Ask the expert: “The Way We Live Now”
June saw glints of economic sunlight as countries slowly emerged from government-induced hibernation, but we should not expect the post-Covid reality to be identical to the one we knew before.
The way we live has been altered: The pandemic has ushered in the digital revolution quicker than we could have anticipated and its key facets – home office, telemedicine, eLearning, … – will stick. At the same time, while a vaccination remains unavailable, our economy will not run at full pelt: Social distancing will mean a whole host of businesses will run at less-than-full capacity, while consumers and businesses may remain apprehensive on spending: Confidence leaves on horseback and returns on foot. All of this has implications for economic growth.
Confidence leaves on horseback and returns on foot.
Some camps believe that the economy will boomerang back quickly in a V-style recovery. At first glance, such a theory seems legit. Afterall, this was a man-made recession: By early April, nearly 150 countries had closed all schools and mandated cancellation of events, and more than 80 had closed all workplaces in order to control the spread of the virus. People did not stop spending because they wanted to, they stopped because lockdowns made it physically impossible (or unnecessary, for example, pyjamas were the Spring/Summer 2020 fashion of choice for many, while Unilever revealed that stay-at-homers were even shunning deodorant).
Unlike those that have gone before, this recession was not the by-product of an economic imbalance or the erosion of real disposable incomes through rising interest rates, inflation or taxes. Theoretically, with stunning fiscal support, people should revert back to their normal spending patterns once the crisis blows over, while businesses should begin re-hiring and investing. And indeed, there are traces in the data that these expectations are beginning to manifest. In the US, companies have started hiring again, factory cogs are turning and consumers have begun to loosen their purse strings. In Europe, sentiment data has surpassed expectations on the upside and an economic stabilisation appears to be underway, led by Germany. In China, the first nation to grapple with the virus, industrial production has pretty much normalized.
While the data is indeed moving in the right direction, markets, as of late, seem to have been lulled into a false sense of security – current valuations imply an earnings rebound of almost 30% in 2021! Yet, we are amid the deepest recession since the 1930s and it will be an uphill struggle from here. We foresee a tick-shaped recovery (✓); a precipitous drop in activity followed by a stabilisation around Q3, before a recovery begins late 2020. We don’t envisage that the wealth lost during the Covid crisis will be recovered before the end of 2021.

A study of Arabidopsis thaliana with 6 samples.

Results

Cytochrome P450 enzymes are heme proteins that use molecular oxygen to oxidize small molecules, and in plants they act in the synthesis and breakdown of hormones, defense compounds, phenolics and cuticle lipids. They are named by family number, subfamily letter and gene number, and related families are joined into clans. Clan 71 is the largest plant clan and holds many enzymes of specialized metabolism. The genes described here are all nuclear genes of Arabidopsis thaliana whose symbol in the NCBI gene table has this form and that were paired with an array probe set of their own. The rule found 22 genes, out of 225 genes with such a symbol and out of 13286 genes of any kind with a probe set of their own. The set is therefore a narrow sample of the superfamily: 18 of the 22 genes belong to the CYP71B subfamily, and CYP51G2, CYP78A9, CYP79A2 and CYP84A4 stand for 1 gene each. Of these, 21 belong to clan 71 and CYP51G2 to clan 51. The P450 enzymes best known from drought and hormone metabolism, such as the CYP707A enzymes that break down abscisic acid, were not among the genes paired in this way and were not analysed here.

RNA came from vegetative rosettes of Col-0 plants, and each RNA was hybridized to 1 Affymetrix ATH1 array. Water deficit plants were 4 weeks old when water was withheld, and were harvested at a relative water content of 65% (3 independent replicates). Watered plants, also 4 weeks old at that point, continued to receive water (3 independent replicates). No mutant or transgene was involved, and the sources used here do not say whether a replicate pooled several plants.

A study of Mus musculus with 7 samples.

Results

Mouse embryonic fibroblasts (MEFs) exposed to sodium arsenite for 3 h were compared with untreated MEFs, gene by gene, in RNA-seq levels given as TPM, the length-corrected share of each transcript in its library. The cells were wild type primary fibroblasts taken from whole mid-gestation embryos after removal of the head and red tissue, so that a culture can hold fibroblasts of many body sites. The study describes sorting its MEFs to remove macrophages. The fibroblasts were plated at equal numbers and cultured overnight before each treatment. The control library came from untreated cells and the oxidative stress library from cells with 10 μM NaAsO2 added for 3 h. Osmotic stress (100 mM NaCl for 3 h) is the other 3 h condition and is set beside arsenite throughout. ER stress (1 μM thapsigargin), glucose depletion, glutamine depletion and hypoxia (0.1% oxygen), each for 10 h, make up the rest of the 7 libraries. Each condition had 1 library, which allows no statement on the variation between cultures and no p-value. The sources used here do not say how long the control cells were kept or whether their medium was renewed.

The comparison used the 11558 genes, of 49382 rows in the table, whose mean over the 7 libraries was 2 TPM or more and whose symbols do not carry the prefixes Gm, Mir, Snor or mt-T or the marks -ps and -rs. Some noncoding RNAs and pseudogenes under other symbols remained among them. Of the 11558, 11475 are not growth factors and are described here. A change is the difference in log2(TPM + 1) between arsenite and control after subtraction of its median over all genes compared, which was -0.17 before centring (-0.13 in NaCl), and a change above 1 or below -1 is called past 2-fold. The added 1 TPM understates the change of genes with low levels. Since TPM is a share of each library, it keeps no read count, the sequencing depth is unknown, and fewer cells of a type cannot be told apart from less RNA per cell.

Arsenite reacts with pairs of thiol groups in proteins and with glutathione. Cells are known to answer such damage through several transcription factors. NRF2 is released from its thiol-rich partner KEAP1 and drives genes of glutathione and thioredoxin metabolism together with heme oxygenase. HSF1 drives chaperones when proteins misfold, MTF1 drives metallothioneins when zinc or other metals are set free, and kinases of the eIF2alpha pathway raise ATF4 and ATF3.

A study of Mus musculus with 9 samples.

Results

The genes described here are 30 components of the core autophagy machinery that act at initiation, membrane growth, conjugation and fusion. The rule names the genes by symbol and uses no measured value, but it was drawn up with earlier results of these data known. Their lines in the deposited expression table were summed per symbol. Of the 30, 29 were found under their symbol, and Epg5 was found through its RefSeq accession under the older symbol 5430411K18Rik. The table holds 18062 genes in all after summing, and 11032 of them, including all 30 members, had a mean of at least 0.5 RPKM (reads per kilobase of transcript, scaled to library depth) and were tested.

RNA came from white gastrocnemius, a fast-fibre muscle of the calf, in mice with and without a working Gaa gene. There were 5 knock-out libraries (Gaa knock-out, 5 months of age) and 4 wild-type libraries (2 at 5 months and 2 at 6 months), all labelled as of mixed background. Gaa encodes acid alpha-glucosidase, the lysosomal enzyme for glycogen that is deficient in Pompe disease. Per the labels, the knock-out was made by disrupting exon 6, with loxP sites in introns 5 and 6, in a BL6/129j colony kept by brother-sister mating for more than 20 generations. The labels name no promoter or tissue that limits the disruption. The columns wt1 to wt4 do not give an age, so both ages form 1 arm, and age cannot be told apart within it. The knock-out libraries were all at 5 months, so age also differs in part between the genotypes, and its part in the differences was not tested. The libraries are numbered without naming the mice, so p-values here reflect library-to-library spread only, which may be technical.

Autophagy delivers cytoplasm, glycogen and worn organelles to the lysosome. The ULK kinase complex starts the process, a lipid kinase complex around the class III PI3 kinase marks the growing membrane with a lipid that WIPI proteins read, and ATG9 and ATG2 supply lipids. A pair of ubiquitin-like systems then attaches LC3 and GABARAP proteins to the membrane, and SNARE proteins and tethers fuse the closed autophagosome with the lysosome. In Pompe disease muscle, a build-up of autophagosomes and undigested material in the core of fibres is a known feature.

Household savings in the bloc have jumped to a record €7.3 trillion.
As the World Bank puts it: Deep recessions inflict lasting scars on potential output through lower investment and innovation; erosion of the human capital of the unemployed; and a retreat from global trade and supply linkages. Or, as the ECB President Lagarde has put it: the economic recovery will be restrained and incomplete and that it will take some time before the “phenomenal” jump in savings will percolate into consumption and investments: Household savings in the bloc have jumped to a record €7.3 trillion. Consumers and businesses have been glittered with emergency stimulus from governments and central banks. Once this wears off (it cannot run indefinitely, allowing government deficits to balloon uncontrollably) things could take a different shape.
More long term, our lifestyles are changing and more areas of our lives look set to be conducted from within the four walls of our homes. Airbnb allowed for a great exploitation of economic slack in terms of underused real estate (unused rooms / premises free for a time period too short to formally rent…). Working from home will allow for further exploitation of the resources we already have. By going to the office 40 hours per week, we all have a number of underused assets at home, whether it be coffee machines, computers, tables, chairs… More people working from home, will mean that businesses do not invest in creating doublers of the things people already have. At the same time, demand for corporate real estate could fall as could the need for all of the services attached to workplaces (maintenance, hospitality etc). On the other hand, the next industrial revolution will present myriad opportunities for innovative companies, especially those that are already well-versed in digitalization. Even if growth slows, such companies could still enjoy a fruitful post-pandemic future.
We are skating on thin ice with regard to the economic recovery. Coronavirus is still at large, approaching 10 million cases, with new clusters popping up, threatening to ignite a second wave. To borrow a reference from the Trollope novel, from which this article takes its title, the thickness of the winter’s ice is often in proportion to the number of summer mosquitoes. The virus that took hold last winter, has caused economic turmoil this summer. Let’s see if next winter, the recovery will have taken hold, setting a much more optimistic tone for summer 2021.